Editor’s Note: Strangely enough, I’ve always been moved by PBS’s and NPR’s fund-drives. Sentimentalism, I guess. The author of this piece (Josiah Lockart) is a Virginia farmer of rare and heritage breeds, a Slow Meat Committee member, and a personal acquaintance of mine from the first-ever Slow Meat Symposium in Denver (June 2014). This letter is written for those passionate about the cause for better meats and who don’t mind a good ‘ol fund-raising pitch for a leading non-profit of the cause, Slow Food USA.
When it comes to meat in this country, the elephant in the room is a pig.
Industrial pig production is the poster child for the larger issues plaguing our food system. The status quo for pigs today is all about confinement. Pigs are confined in unethical ways. Flavors are confined to very few breeds. Wealth is confined to an agricultural economy that extracts income from rural communities.
This all comes at a cost to our land, animals, health and small farmers. It’s time to start talking about it. It’s time to start doing something about it.
Because Slow Food is doing something about it.
As a pig farmer who raises only heritage breeds, I want to see, and be a part of, a world and community that values biodiversity, resilience, and food access.
Slow Food’s new Slow Meat program is creating that world. It’s founded on the belief that eating better meat, and less of it overall, is the foundation of sustainable meat consumption.
It’s not easy to raise heritage animals humanely, without added antibiotics or hormones AND to make a living wage. Running a farm this way is difficult and expensive, but networks like Slow Meat have given my family farm the support to thrive with good, clean and fair values at the heart of our business model.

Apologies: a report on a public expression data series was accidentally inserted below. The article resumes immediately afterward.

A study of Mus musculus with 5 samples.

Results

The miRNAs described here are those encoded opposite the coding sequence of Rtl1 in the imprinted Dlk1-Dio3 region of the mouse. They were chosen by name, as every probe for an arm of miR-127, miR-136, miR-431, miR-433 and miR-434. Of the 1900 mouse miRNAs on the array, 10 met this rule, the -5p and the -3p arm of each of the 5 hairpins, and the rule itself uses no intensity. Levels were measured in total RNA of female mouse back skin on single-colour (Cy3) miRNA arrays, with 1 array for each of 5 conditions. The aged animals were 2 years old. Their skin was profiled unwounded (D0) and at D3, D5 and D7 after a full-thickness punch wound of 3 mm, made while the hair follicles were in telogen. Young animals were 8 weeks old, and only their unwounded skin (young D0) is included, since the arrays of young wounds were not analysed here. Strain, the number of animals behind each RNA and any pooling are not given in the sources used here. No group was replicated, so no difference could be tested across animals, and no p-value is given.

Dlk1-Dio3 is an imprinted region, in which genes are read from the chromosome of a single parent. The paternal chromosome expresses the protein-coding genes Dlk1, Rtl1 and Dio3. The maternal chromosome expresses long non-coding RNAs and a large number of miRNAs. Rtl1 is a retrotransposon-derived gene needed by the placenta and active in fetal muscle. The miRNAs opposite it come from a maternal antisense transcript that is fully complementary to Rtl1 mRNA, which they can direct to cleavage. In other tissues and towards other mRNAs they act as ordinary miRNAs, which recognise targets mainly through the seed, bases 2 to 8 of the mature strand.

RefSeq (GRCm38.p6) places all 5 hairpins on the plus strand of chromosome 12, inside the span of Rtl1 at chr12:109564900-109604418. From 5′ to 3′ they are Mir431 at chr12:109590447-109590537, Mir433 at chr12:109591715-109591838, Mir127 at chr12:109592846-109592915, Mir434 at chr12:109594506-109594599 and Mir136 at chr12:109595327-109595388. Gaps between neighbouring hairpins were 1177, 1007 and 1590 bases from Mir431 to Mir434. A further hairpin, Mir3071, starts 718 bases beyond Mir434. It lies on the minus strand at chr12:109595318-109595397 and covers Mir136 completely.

The question is: how do we move this type of farming from the sidelines to the mainstream? The answer lies not in what we are all doing individually, but what we do as a movement.
Slow Food is not only creating a space to solve tough questions but it’s also dedicated to building a system where farmers like me can raise animals humanely and support themselves while doing it.
I’m a farmer, not a fundraiser. But I truly believe in the work Slow Food is doing and I’m writing today to ask you to give what you can to ensure a better future for meat.
The truth is, you don’t have to be a farmer to make an impact on food and agriculture. Slow Food USA gives everyday people the opportunity to make a big impact in their community.
Josiah Lockhart is the Executive Manager at Lockhart Family Farm, a family owned and operated farm in Caroline County, Virginia. [They] focus on raising high quality rare and heritage breed pigs and poultry in a natural woodland environment. [Their] Animals are free-ranged with supplemental non-gmo grain. [They] sell direct to customer and to a number of restaurants in the Richmond and Williamsburg area.